I am a native in this world And think in it as a native thinks

Sunday, December 25, 2011

Sunday bird blogging Christmas edition

And Merry Christmas from a lowly house sparrow, a male to partner the Reno female from a few weeks ago.

I got soup to go and ate in the park one day last week, mostly because there will be so few days in the next couple of months where that's even a possibility.  The accompanying roll was dry and crumbly and when I brushed the scraps from my lap I was suddenly mobbed by thirty or forty house sparrows (a gull and a starling showed up as well but they never had a chance.)

I got the field guides for my April trip to Africa this week, and I've been learning the birds of southern Africa, exotic new classes like sugarbirds and mousebirds and sunbirds.

Some of the names appear to reflect a real lack of commitment on the part of European settlers determined to make the birds in their new home fit into the established taxonomy: Sparrowlark! Cuckooshrike! (See American Robin.) Or else they were named by committee.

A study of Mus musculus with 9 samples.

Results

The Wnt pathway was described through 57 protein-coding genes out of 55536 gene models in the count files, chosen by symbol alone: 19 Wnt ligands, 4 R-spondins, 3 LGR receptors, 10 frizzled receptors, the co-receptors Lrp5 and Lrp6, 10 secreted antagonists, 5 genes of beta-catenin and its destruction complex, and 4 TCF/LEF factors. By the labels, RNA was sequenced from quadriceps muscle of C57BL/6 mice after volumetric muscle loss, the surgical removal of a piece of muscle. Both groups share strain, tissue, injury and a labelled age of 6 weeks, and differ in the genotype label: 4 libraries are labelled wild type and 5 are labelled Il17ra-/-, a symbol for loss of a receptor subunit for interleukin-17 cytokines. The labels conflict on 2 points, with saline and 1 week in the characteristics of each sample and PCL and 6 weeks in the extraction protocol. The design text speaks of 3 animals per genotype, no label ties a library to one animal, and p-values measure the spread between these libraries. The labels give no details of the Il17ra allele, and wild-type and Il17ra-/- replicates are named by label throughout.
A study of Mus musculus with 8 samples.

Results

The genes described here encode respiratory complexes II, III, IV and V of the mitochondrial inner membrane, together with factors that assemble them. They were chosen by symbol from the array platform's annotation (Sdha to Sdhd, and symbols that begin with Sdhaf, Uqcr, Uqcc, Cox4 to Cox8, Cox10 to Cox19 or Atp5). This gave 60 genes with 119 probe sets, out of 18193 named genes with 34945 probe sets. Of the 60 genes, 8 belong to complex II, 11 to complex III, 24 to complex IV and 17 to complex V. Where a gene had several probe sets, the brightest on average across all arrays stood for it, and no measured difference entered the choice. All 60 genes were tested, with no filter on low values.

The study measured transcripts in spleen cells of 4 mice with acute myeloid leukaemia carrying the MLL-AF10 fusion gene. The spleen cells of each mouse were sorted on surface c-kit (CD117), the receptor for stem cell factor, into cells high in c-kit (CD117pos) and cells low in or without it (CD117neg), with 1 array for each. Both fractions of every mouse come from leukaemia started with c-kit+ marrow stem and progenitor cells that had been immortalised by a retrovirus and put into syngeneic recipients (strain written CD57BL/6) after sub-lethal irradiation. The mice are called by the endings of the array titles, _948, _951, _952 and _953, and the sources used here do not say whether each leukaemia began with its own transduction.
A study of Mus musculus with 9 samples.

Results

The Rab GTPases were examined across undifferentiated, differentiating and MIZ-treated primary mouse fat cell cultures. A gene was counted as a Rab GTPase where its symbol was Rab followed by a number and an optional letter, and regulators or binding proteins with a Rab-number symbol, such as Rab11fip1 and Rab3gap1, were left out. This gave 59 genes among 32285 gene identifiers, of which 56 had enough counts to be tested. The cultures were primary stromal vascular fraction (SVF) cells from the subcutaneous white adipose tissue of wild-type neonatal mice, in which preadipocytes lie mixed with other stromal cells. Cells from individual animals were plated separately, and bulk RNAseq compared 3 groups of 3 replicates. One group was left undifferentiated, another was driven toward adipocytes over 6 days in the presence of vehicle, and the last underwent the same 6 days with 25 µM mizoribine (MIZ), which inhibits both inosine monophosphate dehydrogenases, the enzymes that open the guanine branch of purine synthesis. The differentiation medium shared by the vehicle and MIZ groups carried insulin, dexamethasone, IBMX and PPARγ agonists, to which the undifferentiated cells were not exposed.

But many of them sound like made-up names from a Monty Python skit about bird-watchers. Sociable Weaver! Rattling Cisticola! Shaft-tailed Whydah! Spotted Thick-Knee! And my personal favorite, the Chestnut-Vented Tit-Babbler!

I must give a mention to the poor Lark-Like Bunting, which is apparently the house sparrow of South Africa. Not only did it get a name that points out what it isn't instead of what it is, the guidebook describes it as "a drab-looking bird that is difficult to identify." I will definitely be on the lookout for it.

1 comment:

Tandava (Carol Henning) said...

"Chestnut-Vented Tit-Babbler"? Wow... quite a name. I don't even know how to assemble those words into a description of a bird... but I bet some people do. I wish I spoke bird.